For some time now, my buddy Dave has been sifting through notions of rhizomes in his blog, in a recent journal article, with colleagues, and on various webcasts at EdTechTalk.com. While he certainly isn't the first to consider the concept or term "rhizome", he has spent a good deal of time and effort extending the rhizome metaphor to knowledge creation and negotiation within the connected networks where we now learn, play, and work.
Just trying out the Google form embed:
No time to dive into a full reflection, but want to "tag" a few links for future thought and consideration on discussions / research on "ambient awareness" which seems to dovetail with some aspects of "social presence" in communities of inquiry, etc.
Technorati Tags: ambient awareness
Just a quick introductory post for the Connectivism course. My name is Jennifer Maddrell and I live across the river from Manhattan in Hoboken, NJ (USA).
So, our edu 2.0 progressive ideas aren't "new"?
Facilitation of group written projects is a challenge for instructional designers working within a distance learning setting. The following provides suggested practices for facilitating such projects using web based collaborative writing technologies.
This report is a lesson analysis of two education courses offered by the University of Regina in Canada and developed and delivered by Dr. Alec Couros, a University of Regina faculty member. Both courses are offered by the Faculty of Education and focus on technology use in the classroom. While the subject matter is similar, the courses target different learners and employ different instructional strategies, media, and interaction. The following provides a design, functional, and interactional analysis of one lesson from each course.
This report assesses six issues that are of particular importance to distance educators, including 1) student copyright and privacy protections, 2) tuition and fee structures, 3) library resources and services, 4) copyright and ownership of course material, 5) instructor compensation and support, and 6) Internet access and connection support. This assessment highlights examples of how various institutions address these issues within their formal policy statements and provides an analysis of each policy issue.
This paper provides a brief review of how interaction is considered within current distance education literature since Moore’s 1989 call for clarity. The following summarizes how human and non-human interaction types have been considered within the context of computer mediated distant education and examines both the Student-to-Content Interaction Strategies Taxonomy and the Community of Inquiry Model as frameworks for future examination of computer mediated interaction within a distance education setting.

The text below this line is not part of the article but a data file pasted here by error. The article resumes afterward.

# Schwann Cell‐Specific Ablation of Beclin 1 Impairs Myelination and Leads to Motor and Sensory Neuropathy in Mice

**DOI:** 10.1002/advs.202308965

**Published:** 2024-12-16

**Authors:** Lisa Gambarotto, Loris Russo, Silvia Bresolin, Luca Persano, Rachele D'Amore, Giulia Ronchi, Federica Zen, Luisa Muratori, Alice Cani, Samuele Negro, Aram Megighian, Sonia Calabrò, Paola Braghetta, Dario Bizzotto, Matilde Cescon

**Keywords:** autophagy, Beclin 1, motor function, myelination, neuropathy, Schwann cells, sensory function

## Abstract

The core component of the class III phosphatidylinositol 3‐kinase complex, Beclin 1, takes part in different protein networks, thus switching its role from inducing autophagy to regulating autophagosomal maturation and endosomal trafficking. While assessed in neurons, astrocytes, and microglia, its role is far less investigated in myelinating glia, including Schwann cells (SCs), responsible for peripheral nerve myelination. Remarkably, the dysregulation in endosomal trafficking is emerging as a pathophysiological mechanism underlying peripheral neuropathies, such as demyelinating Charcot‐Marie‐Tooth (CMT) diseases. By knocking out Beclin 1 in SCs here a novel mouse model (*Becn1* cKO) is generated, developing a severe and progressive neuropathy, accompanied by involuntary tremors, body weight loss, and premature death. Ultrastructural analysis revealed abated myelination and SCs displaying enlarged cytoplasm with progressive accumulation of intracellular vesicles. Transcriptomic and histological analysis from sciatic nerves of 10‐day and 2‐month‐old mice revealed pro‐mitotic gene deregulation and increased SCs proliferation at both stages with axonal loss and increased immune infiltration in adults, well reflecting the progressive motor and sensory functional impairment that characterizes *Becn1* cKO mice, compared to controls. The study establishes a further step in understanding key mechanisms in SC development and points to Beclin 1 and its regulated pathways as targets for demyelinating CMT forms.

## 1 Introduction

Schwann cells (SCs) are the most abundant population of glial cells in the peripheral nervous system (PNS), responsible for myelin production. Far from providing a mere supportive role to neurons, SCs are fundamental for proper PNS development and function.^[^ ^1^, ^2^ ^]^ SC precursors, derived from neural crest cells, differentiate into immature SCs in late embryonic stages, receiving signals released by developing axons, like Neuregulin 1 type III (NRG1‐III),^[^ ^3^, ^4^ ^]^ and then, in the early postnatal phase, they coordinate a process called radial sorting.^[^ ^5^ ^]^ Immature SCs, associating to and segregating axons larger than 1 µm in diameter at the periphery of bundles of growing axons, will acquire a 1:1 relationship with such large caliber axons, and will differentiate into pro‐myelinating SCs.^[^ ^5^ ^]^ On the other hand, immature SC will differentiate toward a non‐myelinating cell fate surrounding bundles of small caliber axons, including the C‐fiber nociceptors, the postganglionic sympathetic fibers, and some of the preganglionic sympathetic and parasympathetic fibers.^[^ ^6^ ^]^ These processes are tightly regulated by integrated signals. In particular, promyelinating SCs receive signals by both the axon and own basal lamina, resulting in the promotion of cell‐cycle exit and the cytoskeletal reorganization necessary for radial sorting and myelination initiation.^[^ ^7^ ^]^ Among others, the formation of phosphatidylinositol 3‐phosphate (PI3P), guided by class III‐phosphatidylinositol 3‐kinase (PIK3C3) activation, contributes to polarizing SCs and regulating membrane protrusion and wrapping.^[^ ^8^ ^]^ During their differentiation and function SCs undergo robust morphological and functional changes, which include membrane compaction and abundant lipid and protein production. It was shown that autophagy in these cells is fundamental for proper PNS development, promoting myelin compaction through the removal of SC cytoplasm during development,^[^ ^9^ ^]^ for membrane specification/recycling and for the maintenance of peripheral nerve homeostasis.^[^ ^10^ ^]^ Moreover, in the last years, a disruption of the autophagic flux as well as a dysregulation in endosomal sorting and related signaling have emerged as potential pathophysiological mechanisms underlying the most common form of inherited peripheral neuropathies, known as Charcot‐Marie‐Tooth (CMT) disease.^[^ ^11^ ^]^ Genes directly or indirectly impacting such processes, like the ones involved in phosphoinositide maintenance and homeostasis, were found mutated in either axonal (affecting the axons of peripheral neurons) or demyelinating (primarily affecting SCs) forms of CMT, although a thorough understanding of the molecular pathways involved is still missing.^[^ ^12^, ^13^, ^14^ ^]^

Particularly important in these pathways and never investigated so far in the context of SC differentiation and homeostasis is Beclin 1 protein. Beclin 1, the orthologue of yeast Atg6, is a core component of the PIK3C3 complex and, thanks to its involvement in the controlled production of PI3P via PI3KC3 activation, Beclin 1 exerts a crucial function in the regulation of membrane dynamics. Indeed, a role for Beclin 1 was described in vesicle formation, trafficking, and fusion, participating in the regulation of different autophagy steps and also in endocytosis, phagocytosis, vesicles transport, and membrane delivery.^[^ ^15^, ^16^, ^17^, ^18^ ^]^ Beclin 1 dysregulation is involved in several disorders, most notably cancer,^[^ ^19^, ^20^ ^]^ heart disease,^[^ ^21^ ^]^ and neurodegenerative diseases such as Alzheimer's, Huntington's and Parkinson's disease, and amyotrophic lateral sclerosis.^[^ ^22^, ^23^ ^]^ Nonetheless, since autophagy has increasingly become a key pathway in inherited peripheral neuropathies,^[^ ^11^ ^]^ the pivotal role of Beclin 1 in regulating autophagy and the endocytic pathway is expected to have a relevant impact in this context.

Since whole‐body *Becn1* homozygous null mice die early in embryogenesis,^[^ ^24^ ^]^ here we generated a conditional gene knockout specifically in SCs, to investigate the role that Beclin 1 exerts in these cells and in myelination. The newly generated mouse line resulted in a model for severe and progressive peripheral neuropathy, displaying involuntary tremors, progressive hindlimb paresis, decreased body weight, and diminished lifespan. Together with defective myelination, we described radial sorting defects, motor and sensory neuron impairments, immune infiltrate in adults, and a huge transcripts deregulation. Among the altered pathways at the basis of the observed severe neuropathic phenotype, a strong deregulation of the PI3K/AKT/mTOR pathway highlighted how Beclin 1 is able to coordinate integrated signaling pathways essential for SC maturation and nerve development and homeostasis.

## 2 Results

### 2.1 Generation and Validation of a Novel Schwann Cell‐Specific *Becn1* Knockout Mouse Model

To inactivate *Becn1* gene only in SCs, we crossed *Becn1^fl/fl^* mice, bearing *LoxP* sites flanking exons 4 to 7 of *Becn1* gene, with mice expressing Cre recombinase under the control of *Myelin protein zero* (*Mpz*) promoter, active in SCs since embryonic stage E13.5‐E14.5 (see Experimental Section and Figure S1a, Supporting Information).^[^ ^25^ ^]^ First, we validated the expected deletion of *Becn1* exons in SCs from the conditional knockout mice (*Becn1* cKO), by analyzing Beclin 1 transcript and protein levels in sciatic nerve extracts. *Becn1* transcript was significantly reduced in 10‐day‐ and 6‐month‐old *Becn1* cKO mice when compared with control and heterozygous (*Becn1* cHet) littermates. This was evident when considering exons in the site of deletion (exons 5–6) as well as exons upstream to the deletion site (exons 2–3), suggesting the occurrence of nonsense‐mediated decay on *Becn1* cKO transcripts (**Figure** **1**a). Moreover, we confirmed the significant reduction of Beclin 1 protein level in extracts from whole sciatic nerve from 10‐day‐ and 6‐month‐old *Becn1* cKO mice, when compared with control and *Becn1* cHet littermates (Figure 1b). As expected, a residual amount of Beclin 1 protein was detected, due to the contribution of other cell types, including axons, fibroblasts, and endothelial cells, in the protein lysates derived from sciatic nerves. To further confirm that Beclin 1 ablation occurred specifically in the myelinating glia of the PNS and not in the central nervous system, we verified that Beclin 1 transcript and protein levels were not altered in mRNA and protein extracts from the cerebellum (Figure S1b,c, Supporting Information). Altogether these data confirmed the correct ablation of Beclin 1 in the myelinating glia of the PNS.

This paper surveys the distance education system at Athabasca University.
This paper surveys sociology literature to consider prior theory and research on social networks with the goal of assessing how knowledge-based networks function. Findings from network analysis, including theory and research surrounding Granovetter’s network ties theory, provide insight into how networks are structured and the implications for innovation, diffusion, economic outcomes, and collective action. Network analysis theory and research provides support for knowledge-based networks as conduits for innovation and knowledge sharing. Knowledge management practices should focus on the development of weak tie bridges across organizational units and promote interdependence among strong tie network units.
What follows is a review and analysis of the theoretical perspectives and research findings related to how social factors within the learning environment influence a learner’s likelihood and ability to selfregulate. The objective is to assess what (if any) social features influence a learner’s ability to self-regulate and how those features should be considered within the design of instruction to increase a learner’s self-regulation.
The following is a critique of the 2004 publication Innovation in the knowledge economy: implications for education and learning from the Organisation for Economic Co-operation and Development (OECD). The following assesses the strengths and weaknesses of the publication and concludes with a proposed outline for a similar report for instructional designers.
This sample proposal highlights a proposed knowledge management implementation plan.
The focus of this report is to review the literature for assessments of the effect of computer-mediated backchannel interaction during live instructional presentation. The goal is to consider the impact on the learner as both a receiver of instructional messages sent from the instructor, as well as an active participant within the learning process.